Alum screens award-winning film

April 03, 2022
Joining Northwestern Qatar for a community screening of her award-winning film, When Beirut Was Beirut, Alessandra El Chanti BSc ’19 and MFA ’21 discussed how it portrays the 1975 civil war in Lebanon and its toll on the Lebanese people who witnessed it and the generations that followed.
El Chanti’s animated documentary features a fictional dialogue between some of Beirut’s monumental buildings that existed before the civil war, lively and flourishing but are now abandoned and out of place, capturing the city’s thriving past and troubled present.
In a conversation moderated by Professor Sami Hermez, El Chanti, a Lebanese filmmaker, who was born and raised in Qatar, explained how the void the buildings now represent inspired her to create the film. “I resonated with these buildings because I felt like they have a void in them,” said El Chanti. “I shared the same void they felt—the void I have in me is the lack of having a strong connection to where I’m from, simply because I have never lived there.”
Growing up in the late 1990s, El Chanti was exposed to stories of the civil war in her home country throughout her childhood. “I grew up with people and my family members sharing their stories and their families’ stories about the war,” said El Chanti, who, in pointing to the effects it has on her identity, noted that “the civil war never ended; it is literally embedded in our identity.”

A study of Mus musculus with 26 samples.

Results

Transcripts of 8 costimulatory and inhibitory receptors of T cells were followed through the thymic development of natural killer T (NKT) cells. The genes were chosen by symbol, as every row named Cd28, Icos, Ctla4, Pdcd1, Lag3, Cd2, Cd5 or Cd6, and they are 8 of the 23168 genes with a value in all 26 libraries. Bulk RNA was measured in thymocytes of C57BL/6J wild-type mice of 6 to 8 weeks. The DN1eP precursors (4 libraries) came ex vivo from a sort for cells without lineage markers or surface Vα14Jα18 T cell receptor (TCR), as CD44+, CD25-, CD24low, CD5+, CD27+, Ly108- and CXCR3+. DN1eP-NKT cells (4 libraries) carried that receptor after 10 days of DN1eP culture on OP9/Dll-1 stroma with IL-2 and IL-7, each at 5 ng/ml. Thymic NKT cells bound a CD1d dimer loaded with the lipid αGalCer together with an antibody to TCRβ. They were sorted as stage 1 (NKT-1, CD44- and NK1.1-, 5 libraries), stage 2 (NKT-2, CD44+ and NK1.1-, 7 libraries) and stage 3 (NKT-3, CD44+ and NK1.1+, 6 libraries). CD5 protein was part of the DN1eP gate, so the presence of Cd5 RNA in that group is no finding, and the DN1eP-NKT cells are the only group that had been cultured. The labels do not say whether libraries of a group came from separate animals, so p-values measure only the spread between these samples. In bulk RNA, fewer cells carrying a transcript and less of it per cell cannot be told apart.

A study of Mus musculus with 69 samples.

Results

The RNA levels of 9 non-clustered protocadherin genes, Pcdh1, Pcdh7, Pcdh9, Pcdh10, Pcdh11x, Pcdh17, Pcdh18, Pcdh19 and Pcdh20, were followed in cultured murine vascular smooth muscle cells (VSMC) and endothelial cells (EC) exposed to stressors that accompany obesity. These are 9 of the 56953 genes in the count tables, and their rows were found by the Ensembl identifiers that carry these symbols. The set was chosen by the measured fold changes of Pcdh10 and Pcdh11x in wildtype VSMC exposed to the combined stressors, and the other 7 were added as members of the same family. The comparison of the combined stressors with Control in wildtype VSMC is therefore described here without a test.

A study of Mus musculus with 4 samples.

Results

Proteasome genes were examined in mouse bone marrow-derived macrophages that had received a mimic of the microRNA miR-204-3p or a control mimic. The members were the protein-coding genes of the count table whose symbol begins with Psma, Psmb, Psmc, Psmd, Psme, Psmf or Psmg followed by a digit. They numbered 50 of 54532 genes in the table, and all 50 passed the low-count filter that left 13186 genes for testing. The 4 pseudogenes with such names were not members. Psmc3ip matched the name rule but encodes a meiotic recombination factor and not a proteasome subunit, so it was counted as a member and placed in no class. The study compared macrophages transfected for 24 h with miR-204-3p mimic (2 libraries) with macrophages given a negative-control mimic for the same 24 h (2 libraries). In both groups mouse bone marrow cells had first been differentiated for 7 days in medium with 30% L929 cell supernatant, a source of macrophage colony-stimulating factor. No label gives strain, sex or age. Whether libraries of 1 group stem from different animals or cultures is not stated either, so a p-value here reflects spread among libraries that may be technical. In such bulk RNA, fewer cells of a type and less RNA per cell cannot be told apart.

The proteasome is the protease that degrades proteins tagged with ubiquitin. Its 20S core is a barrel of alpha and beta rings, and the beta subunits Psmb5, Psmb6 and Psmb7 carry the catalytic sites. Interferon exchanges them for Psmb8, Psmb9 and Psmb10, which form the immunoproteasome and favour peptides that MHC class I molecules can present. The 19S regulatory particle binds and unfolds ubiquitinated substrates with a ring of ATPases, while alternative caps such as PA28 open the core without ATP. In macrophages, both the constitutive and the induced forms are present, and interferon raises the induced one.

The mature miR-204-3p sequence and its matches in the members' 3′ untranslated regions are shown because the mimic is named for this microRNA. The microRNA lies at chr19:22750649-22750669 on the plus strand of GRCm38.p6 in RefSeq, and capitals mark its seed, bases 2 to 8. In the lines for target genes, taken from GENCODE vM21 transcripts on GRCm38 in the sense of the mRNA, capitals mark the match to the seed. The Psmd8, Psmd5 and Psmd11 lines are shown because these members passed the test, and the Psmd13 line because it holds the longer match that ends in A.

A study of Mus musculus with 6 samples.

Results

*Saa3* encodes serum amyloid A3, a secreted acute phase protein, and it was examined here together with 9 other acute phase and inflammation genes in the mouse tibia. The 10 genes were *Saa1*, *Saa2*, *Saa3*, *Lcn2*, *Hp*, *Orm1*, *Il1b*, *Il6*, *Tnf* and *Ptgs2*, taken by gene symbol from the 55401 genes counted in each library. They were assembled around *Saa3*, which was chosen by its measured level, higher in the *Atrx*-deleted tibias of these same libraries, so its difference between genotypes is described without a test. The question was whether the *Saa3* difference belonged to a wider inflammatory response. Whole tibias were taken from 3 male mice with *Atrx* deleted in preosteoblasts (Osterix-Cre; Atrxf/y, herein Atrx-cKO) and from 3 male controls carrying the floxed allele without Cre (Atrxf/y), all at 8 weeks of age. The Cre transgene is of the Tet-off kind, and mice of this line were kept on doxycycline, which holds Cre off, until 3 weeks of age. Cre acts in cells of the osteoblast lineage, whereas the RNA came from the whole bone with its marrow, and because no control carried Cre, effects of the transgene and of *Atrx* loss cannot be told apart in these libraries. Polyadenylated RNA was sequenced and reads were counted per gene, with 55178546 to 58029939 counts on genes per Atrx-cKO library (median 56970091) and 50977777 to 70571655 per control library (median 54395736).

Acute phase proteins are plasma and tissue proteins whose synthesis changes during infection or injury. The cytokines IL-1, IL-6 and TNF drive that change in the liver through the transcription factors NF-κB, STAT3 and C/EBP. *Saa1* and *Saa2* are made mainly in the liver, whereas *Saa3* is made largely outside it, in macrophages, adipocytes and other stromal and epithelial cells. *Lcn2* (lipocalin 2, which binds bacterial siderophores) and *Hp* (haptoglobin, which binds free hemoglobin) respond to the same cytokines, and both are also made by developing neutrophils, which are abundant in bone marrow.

“Everyone in my family had their own side of the story,” added the filmmaker, who was inspired to pursue the film when she learned about the buildings during her visit to Lebanon in the winter break of her final year at Northwestern Qatar. El Chanti went on to film the documentary as part of her master’s program at Northwestern University in Evanston. There, she focused on documenting how the civil war affected the people who lived through it and also the generations that followed.

In highlighting the purpose of her film, which won the Badr Jury section award for best short film at the 2021 Ajyal Film Festival, she said she hopes it brings to light undiscussed aspects of the war while at the same time allowing her to discover other elements of her identity. “It is through my storytelling that I learn more about my identity,” said El Chanti. “I embrace my identity through research about Lebanon and through Lebanese cinema. They are a huge part of the stories I tell and the stories I choose to tell.

A double Northwestern alumna, El Chanti graduated with a degree in communication from Northwestern Qatar in 2019, followed by a Master of Fine Arts in documentary media from Northwestern’s School of Communication two years later. El Chanti recently returned to Northwestern Qatar as an admissions specialist, working with an expanded admissions team on recruiting aspiring storytellers, media professionals, and filmmakers from the region and across the globe, as well as designing and instructing pre-college programs tailored for high school students interested in media theory and production.